Turkish President Recep Tayyip Erdoğan has long been vocal about his determination to build a Turkish-style mosque in Cuba, but he may have been surprised to discover this week that regional rival Saudi Arabia might have beat him to it. The Turkish leader publicized his proposal to build a mosque in Havana during a visit there Wednesday and clarified that he would want the Turkish project to proceed independently, even if the Cuban government had already promised a mosque construction deal to “other people,” Turkish news outlet Hurriyet Daily News reported.

“We want to build the mosque ourselves. We don’t want a partner. If you find it appropriate, we would like to build it in Havana,” Erdoğan told Cuban President Raul Castro, according to the Hurriyet report. “But if you have promised a Havana mosque to other people, then we can build our Ortaköy Mosque in another Cuban province.” Erdoğan is proposing a building in Havana modeled after Istanbul’s iconic Ortaköy mosque.

In November, Erdoğan raised eyebrows by telling a conference of Muslim leaders from Latin America that Muslims had been the ones to discover America, more than a century before Christopher Columbus landed in 1492. The assertion was based on a reference in the explorer’s diary to a minaret-like formation on top of a mountain in Cuba. The Turkish leader added that "a mosque today would suit the top of that mountain," Reuters reported.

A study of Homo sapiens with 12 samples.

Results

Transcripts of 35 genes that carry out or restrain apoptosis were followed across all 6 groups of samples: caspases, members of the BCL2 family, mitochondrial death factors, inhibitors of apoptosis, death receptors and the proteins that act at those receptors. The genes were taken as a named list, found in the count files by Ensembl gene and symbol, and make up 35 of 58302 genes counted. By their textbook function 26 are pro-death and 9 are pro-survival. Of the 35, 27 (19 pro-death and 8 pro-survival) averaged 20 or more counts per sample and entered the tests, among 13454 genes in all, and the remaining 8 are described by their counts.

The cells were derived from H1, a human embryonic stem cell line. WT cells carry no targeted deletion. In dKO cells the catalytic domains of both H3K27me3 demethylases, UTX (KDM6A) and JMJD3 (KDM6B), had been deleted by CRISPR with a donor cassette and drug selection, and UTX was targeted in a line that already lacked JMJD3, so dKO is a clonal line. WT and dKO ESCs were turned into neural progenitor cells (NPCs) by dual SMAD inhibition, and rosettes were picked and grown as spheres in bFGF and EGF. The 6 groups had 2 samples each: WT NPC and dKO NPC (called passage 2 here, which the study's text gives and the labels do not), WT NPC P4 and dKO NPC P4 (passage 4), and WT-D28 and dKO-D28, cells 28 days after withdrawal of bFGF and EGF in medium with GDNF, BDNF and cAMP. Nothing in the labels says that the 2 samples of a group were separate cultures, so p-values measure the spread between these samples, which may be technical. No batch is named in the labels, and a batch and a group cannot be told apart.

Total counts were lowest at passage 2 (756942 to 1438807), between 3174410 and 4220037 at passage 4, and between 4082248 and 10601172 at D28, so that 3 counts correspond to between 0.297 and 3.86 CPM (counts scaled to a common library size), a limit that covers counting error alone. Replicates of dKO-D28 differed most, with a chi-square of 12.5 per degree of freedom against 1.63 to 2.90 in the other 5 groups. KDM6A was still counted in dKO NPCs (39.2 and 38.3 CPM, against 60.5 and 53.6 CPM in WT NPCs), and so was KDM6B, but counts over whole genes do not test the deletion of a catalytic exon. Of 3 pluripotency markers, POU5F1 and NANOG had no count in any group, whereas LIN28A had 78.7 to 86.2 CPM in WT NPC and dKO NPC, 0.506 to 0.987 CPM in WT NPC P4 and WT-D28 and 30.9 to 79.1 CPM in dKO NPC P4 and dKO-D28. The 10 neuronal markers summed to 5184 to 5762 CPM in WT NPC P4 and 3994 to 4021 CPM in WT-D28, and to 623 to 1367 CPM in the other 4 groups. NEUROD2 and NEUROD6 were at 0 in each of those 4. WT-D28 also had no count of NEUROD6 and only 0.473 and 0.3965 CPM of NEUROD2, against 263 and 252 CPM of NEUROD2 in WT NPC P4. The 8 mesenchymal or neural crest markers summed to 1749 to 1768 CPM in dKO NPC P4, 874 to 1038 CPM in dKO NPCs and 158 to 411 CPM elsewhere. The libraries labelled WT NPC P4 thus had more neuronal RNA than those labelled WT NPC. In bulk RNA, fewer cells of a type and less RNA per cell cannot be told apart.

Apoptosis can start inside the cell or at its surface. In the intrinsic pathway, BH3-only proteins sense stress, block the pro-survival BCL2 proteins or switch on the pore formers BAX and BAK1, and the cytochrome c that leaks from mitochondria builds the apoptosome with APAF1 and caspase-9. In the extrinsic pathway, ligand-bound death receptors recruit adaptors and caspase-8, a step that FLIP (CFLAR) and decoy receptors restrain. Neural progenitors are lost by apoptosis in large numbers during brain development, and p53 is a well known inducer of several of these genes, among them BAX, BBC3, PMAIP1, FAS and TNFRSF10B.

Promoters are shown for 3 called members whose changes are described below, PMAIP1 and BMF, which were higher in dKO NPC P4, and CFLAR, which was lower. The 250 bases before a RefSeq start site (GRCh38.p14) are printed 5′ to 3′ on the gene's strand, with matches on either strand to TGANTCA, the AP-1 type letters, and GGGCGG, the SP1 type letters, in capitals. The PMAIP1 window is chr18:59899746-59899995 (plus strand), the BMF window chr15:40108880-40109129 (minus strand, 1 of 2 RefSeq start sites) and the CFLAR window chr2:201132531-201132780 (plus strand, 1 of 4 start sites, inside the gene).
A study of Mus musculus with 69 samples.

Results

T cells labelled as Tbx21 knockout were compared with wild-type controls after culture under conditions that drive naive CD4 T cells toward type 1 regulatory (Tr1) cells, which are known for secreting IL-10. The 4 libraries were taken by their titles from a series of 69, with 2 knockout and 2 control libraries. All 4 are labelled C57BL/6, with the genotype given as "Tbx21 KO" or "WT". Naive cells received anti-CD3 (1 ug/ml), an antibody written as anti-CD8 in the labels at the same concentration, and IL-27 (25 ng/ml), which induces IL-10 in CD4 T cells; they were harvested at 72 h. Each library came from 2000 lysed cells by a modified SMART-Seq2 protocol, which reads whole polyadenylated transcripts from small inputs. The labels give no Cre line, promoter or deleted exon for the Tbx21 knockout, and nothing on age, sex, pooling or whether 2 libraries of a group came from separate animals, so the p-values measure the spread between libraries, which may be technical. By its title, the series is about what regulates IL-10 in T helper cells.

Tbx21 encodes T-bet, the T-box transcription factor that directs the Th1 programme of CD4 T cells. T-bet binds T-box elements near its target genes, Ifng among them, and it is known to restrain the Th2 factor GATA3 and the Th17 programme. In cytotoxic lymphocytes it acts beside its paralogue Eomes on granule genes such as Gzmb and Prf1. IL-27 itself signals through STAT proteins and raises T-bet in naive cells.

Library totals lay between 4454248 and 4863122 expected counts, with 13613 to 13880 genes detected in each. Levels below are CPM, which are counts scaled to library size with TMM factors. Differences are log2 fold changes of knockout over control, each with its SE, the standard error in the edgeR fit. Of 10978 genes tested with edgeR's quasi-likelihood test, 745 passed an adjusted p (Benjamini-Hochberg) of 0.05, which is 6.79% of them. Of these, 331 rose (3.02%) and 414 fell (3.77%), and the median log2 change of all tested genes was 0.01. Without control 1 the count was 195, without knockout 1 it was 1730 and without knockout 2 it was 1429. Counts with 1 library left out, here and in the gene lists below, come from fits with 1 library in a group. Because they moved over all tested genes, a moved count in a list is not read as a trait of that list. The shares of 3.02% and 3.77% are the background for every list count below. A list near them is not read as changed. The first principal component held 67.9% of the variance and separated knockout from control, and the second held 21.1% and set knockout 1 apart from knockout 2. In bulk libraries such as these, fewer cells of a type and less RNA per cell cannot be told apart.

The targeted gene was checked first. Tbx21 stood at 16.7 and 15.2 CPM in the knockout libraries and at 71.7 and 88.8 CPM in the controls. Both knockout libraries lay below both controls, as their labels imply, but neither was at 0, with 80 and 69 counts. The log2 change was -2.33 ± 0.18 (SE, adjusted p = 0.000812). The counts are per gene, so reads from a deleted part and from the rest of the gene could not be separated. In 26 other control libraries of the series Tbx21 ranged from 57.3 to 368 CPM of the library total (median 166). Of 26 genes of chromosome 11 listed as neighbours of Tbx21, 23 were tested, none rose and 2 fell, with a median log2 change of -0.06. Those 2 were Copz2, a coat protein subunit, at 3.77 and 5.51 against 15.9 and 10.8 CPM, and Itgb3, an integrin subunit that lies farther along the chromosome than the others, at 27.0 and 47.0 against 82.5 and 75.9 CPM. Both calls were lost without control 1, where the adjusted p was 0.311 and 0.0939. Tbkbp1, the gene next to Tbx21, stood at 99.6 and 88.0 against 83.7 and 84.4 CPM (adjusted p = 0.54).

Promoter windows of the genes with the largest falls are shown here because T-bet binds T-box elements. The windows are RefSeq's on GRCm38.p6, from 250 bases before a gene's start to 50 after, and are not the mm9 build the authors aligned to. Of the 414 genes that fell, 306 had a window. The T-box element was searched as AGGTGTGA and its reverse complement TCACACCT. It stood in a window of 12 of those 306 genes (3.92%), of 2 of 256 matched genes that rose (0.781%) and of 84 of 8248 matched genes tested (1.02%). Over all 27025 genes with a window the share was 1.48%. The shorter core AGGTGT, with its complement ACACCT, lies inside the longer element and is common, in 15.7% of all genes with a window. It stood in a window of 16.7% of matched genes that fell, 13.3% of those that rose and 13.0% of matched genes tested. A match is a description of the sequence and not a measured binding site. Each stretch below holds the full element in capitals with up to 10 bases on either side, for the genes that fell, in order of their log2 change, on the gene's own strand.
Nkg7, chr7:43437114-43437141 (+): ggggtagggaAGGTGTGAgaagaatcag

Cuba’s government may have already received a proposal from Saudi Arabia, but Turkey’s mosque would be unique, Erdoğan asserted to reporters covering the visit, according to the CBC. "Our architecture is different from Saudi Arabia's. We want to do this ourselves, we don't want a partner," he said. Little is known about Saudi Arabia's reported Cuban mosque project outside of Erdoğan's comments about it.

Cuba’s government has rejected past construction deals to build mosques in the country, with a previous proposal by Turkey’s Religious Affairs Directorate turned down by Castro last year on the grounds that it was “not necessary,” Turkish news site Today’s Zaman reported. Cuba has an estimated 9,000 Muslims, or 0.1 percent of the population.

Regardless of the need for such a project, it is clear that Erdoğan is determined to push forward on it-- without Saudi help. The Turkish government, led by his Muslim party, has frequently competed with Riyadh over regional influence, particularly around the issue of political Islamist groups, of which Erdoğan is an enthusiastic supporter. The two countries have been quietly at odds in the aftermath of the 2013 ouster of Muslim Brotherhood President Mohammed Morsi in Egypt, with Saudi Arabia financially backing the military regime that deposed him.